If you’ve just started your VPN, or just looked at your VPN application settings lately, you might have noticed multiple options to change your protocol within the VPN. Don’t be afraid, these protocols aren’t that complicated.
VPN providers give users control to select which protocol they want to use within their VPN applications. These protocols include Point-to-Point Tunneling (PPTP), Layer 2 Tunneling (L2TP/ Internet Protocol Security (IPsec), Secure Sockets Layer (SSL), and OpenVPN.
Beyond just sounding confusing, all of these protocols present a lot of options and complexities–and most VPN providers don’t provide much explanation to why you should use any of them. In this article, we are going to explain what each protocol accomplishes, and which protocol will most likely be your default pick.
PPTP has been around for awhile. It’s been integrated into Windows since Windows 95. Suffice to say, there might be more than a few cracks in this bad boy’s security.
The PPTP protocol is the least secure VPN protocol, with only 128-bit encryption and multiple security leaks and vulnerabilities (underlying problems are related to authentication protocols used)–which make it a bad choice for those looking for the highest form of security. Even Microsoft has released a statement recommending users to use other forms of protocols.
However, PPTP only requires a username, password, and server address to establish a working connection and it’s very easy to set up since most operating systems come with it pre-installed. PPTP is a good fast protocol pick for those who aren’t worried about security. It’s also very easy to configure into DD-WRT or Tomato firmware.
In a lot of ways, PPTP can’t really be recommended. But it ‘s important to understand why not to use PPTP since it’s an option from almost every VPN provider there is.
Very easy to use and setup on multiple platforms
Least secure protocol option
Layer 2 Tunneling(L2TP/ Internet Protocol Security (IPsec)
L2TP is a popular protocol combined with the IPsec encryption suite to provide good security and privacy. The IPsec encryption suite doesn’t have many known vulnerabilities that make it an excellent pick for those worried about security.
Since L2TP is built into all modern operating systems, it’s very easy to set up (just like PPTP). L2TP/IPsec is also primarily used on iOS by VPN providers as a worthy alternative to OpenVPN (iOS has API restrictions that prevent OpenVPN from being an option while Android doesn’t).
L2TP provides strong 256-bit encryption sessions but has slower speeds than PPTP and OpenVPN.
Works on iOS
Slower than OpenVPN and PPTP
Secure Socket Tunneling Protocol SSTP
Introduced by Microsoft in Windows Vista SP1, SSTP is still mainly a Windows only platform that uses SSL v3. SSL v3 offers similar advantages to OpenVPN (it can use TCP port 443 to avoid NAT firewall issues), and it’s very easy to use since it’s integrated within Windows already.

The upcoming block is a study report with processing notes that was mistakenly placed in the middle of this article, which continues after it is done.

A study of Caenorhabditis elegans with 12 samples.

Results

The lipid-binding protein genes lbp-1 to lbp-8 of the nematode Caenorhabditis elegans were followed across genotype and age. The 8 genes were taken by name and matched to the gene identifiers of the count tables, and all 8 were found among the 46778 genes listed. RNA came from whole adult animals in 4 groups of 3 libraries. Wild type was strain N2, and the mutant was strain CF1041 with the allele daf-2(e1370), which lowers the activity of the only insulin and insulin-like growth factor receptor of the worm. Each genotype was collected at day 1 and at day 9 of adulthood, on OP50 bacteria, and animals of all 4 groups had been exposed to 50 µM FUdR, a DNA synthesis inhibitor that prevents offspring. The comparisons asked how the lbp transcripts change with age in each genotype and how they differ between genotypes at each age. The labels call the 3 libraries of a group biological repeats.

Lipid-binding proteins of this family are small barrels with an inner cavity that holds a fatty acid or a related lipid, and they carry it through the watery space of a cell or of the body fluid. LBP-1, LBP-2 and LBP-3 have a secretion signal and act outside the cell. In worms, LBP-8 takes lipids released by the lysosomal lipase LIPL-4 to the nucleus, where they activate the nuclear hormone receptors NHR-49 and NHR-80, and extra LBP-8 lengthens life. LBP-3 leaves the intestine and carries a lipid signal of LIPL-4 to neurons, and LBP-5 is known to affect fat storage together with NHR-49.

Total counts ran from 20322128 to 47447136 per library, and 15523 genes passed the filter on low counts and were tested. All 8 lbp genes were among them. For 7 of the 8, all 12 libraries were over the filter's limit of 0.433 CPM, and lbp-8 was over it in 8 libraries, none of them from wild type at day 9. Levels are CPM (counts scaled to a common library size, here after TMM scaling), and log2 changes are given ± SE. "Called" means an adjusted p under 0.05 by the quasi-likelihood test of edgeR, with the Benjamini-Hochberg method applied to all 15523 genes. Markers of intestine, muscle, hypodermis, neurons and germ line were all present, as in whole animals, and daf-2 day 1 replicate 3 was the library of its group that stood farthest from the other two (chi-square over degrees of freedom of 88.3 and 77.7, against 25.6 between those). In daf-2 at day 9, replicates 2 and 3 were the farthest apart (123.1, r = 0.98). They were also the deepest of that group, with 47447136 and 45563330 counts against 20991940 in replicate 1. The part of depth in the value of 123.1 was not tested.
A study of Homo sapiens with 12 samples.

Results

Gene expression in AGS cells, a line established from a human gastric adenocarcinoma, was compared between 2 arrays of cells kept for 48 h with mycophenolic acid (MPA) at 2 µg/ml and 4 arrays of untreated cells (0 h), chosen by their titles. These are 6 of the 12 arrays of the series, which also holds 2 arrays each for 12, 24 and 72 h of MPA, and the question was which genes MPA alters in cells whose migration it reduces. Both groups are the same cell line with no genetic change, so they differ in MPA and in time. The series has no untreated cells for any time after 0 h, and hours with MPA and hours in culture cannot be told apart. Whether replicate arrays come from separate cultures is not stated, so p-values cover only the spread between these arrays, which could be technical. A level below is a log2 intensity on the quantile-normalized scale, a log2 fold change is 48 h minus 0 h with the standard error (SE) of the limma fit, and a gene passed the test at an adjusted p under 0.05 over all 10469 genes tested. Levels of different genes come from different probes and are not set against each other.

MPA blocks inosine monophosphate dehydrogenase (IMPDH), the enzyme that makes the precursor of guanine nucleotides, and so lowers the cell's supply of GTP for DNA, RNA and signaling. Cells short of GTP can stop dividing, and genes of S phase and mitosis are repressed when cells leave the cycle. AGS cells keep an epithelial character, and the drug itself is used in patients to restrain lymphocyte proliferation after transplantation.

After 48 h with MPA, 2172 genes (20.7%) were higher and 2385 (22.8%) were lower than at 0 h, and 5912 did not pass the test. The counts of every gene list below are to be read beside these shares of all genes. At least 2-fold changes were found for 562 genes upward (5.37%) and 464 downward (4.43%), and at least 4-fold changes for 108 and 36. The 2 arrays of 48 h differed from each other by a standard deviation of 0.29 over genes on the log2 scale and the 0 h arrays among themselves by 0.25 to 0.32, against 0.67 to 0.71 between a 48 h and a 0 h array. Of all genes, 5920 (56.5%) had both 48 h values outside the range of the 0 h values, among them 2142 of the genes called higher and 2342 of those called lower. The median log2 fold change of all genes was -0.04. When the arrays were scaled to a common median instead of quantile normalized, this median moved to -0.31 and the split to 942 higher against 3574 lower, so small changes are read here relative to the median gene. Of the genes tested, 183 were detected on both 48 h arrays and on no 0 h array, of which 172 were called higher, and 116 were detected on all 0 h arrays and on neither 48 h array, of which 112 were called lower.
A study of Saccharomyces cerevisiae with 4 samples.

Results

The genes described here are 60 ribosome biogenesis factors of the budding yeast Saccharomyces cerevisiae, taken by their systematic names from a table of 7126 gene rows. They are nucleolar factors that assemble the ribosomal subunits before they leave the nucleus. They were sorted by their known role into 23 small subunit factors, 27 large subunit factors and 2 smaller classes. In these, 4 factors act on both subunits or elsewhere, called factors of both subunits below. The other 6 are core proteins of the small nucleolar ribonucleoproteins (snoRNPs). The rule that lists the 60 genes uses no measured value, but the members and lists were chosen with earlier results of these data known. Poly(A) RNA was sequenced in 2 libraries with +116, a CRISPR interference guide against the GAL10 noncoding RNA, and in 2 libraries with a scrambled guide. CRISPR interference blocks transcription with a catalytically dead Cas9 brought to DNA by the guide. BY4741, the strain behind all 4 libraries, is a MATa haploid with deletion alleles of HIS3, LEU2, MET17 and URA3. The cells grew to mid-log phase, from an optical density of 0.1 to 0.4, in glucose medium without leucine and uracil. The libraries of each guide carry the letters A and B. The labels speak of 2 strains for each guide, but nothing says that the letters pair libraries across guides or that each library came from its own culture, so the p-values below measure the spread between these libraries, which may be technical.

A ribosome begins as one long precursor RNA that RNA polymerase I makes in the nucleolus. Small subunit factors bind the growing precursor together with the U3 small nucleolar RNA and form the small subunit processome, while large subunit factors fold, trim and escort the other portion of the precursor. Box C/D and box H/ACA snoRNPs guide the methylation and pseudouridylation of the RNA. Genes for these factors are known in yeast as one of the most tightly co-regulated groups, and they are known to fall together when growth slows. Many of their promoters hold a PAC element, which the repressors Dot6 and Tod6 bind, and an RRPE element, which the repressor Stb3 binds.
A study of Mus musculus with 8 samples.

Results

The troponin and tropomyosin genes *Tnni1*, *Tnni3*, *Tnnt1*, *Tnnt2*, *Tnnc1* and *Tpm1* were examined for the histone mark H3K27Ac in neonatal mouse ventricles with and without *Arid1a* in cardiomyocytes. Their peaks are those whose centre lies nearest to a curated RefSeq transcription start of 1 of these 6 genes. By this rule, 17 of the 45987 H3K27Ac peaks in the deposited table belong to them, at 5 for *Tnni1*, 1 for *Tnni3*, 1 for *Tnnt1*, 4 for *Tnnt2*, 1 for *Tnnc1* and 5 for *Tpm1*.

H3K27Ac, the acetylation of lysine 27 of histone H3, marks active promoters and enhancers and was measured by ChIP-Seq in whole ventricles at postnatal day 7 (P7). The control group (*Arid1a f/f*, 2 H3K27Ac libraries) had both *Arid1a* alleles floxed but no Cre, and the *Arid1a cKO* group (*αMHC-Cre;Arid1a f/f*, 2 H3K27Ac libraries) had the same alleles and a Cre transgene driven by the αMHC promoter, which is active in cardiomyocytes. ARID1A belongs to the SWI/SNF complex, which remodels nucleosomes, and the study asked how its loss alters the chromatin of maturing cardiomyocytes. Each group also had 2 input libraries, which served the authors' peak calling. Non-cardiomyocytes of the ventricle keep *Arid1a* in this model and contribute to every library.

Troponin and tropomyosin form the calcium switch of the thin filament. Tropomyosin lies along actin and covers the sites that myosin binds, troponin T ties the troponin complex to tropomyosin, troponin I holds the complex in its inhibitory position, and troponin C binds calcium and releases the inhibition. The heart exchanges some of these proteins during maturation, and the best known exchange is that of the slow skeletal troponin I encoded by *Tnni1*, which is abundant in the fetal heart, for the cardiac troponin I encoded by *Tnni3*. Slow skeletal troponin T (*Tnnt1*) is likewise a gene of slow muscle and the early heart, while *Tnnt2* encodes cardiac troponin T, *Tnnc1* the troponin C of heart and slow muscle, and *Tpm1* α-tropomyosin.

Since SSTP is Microsoft’s proprietary standard, the code isn’t open source, which has led many Microsoft skeptics to stray away from the protocol.
Complete Windows integration
Can get through most firewalls
Only works on Windows
Cannot be inspected heavily for vulnerabilities
OpenVPN is the newest and, therefore, the most advanced protocol option for a VPN. OpenVPN uses the OpenSSL library and SSLv3/TLSv1 protocols, but it’s also highly configurable, continually updated, and supported via its open source community. OpenVPN can be set to run on any port which makes it very adaptable and impossible to distinguish from standard traffic using HTTPS from SSL.
OpenVPN is very popular among VPN providers and you’ll see most VPN providers encouraging users to use it as a default option. The OpenSSL library used to provide encryption supports AES, Blowfish, 3DES, CAST-128, Camellia and more). Most good VPN providers use 256 bit AES encryption through OpenVPN.
OpenVPN is the fastest and most secure protocol used for VPNs. However, since it’s not integrated into native platforms the same way PPTP and L2TP/IPSec is, it’s only easily installed through VPN provider clients.
Most secure protocol
Needs an application to set up
Internet Key Exchange (IKEv2)
IKEv2 is an IPSec based tunneling protocol developed by Microsoft and Cisco. It’s integrated into Windows as well as the standard for Blackberry devices. Other open source versions are available for other platforms.
One of IKEv2’s strengths is its ability to reconnect and re-establish connections (like in a subway for example). For this reason, Microsoft has aptly named IKEv2 “VPN Connect“. While most mobile VPN applications utilize L2TP/IPsec, IKEv2 is also a good choice (Blackberry users can only use IKEv2) because of it’s adaptable nature.
Faster than PPTP, SSTP, and L2TP
Supports AES 128, AES 192, AES 256
Not supported on very many operating systems
Easier to block than OpenVPN
Not open source
If you’re looking for a one stop answer on which protocol you should use, pick OpenVPN. It has better speeds than PPTP, just as much security as L2TP/IPSec, and open source adaptability not available in any other protocol. L2TP/IPSec is also a good choice since it’s the primary protocol used by mobile VPN providers on iOS.
As a final word of caution, make sure you’re using the right protocol when using your VPN. Not all VPN providers pick OpenVPN for you. Some trick you into using one protocol or another depending on how they want the program to operate.
Need help choosing a good VPN? Check out our ultimate guide!